As someone who is perpetually busy, I get asked quite often how I manage my time between my responsibilities. I’ve always been a self-starter, so finding things to keep me busy is second nature to me whenever I’m in a new environment. However, I have realized that most people don’t know where to start to find opportunities in their field of study. Building a network as an undergrad is really important and can lead to some amazing opportunities if you let it.
The first step is to reflect on what it is you want to do within your field. You don’t have to settle on one answer; in fact, it might be good to have a few options. Once you have established a few options for yourself, do some research within your school as to whether any faculty or staff have experience doing those things. Then reach out to them.
Connecting with professors is one of the easiest ways to begin building a network. Most professors have prior experience in their field, which is helpful information to anyone trying to find success. Start simply by introducing yourself. I know it’s a little awkward, but they will likely see your enthusiasm as a good thing. Ask them questions about their background, pick their brains, build rapport with them. Building these relationships can turn into mentorships, internships, and potentially even a job.
This is actually how I found out what I wanted to do with my career path. In community college, I really loved my Environmental Science course, and I ended up reaching out to my professor to ask him how I could incorporate that into my Creative Writing degree. He worked at the Environmental Protection Agency for 30 years and gave me a lot of helpful advice on how to apply environmental science into my writing.
When I came to Arcadia, I knew I wanted to work in one of the faculty-sponsored research labs, so I did some research and decided that Dr. Howard’s Dendrochronology lab, where we study fire disturbance ecology with a specific focus on the forests of Sideling Hill, Md., was the one I was most interested in. I had spent a lot of my childhood trying to count the rings on tree stumps, so the fact that I had the opportunity to learn how to do that within a lab setting seemed invaluable. I reached out to him, and he told me what I needed to do to ensure I was prepared for lab work. First, I had to complete my basic Biology courses; then we would meet weekly to review the techniques of the lab, such as crossdating and identifying fire scars. He also helped me figure out that an individualized major was the right path for me. In the lab, I have made incredible connections with my fellow students as well as students from other colleges studying the same thing. We also got to work with The Nature Conservancy, a global environmental organization, headquartered in Arlington, Va. on a few projects, which was unforgettable.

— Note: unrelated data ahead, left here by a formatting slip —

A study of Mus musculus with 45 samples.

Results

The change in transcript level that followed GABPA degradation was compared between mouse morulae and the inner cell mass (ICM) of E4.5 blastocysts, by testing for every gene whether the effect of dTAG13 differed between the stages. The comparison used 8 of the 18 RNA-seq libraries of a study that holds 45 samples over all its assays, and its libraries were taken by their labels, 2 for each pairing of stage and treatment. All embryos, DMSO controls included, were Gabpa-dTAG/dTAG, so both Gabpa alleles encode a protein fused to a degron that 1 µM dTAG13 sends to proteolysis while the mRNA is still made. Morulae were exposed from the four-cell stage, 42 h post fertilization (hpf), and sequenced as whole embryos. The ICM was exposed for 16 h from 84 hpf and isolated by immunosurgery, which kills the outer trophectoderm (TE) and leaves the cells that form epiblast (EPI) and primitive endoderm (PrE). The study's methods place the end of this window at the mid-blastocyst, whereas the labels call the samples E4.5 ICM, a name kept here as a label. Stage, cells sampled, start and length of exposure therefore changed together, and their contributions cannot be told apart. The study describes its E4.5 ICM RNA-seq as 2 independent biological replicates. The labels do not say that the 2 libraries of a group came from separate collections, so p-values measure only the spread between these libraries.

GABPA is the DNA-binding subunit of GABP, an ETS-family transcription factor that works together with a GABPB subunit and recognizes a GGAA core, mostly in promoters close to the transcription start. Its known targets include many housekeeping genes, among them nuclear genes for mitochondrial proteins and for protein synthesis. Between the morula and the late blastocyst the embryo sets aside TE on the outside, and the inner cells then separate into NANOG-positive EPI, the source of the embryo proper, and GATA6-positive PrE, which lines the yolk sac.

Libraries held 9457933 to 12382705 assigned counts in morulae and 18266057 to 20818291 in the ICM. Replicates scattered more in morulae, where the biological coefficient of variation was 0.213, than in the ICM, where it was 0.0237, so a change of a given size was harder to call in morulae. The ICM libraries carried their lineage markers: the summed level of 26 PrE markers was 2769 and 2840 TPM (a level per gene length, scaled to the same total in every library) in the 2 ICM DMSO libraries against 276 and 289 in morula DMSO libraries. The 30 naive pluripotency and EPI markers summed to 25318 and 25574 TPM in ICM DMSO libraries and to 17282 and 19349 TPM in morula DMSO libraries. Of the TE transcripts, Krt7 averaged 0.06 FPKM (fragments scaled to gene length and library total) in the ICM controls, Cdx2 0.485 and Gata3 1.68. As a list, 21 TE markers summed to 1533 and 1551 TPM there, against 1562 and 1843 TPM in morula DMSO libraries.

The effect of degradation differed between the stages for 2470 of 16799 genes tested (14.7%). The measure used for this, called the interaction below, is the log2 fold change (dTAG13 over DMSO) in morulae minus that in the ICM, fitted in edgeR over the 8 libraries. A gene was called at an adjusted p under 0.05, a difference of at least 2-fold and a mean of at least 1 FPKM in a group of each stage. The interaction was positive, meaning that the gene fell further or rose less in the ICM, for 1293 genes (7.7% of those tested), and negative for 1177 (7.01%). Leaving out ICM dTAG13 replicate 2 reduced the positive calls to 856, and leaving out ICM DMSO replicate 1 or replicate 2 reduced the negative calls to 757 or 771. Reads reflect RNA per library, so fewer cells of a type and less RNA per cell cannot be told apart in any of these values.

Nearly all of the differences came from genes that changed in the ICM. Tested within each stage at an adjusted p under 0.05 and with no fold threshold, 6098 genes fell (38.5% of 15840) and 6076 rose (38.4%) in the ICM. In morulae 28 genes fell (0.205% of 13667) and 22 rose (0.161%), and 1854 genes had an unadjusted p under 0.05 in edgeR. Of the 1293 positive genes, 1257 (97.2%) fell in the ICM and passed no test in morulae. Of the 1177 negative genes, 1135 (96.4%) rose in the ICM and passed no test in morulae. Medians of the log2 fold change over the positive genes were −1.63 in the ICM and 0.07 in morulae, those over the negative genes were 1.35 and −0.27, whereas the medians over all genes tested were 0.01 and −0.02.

Capitalizing on leadership positions has also brought me major success within my academic career. Being on the board of a club or honor society, orientation leader, writing center consultant, class president, you name it, looks good on your resume and provides you soft skills that are essential in standing out during your job applications.
I have so many stories like this, but the best advice I can give you is to do the work. So many people think internships will just fall into your lap, but that isn’t always the case. Finding internships and jobs after graduation is really challenging, but the more you apply yourself in undergrad, the more qualified you will be, and the easier it will be to land your dream job. If you’re struggling in your job search, go to the Office of Career Education and work on your interviewing skills, rework that resume, or draft a cover letter. Talk to professors about how you could be stepping up your game.
It’s hard work, at times overwhelming, but I know that the work I do now will help me with finding work in the future. Creating a network is essential to success. Utilize the resources you have now, while they’re available, and are, more often than not, free. Connect with professors, your classmates, alumni, and staff on campus and online. LinkedIn is a great place to find alumni who have found success in your field. Just don’t give up. You will find success in due time if you do the work. You got this!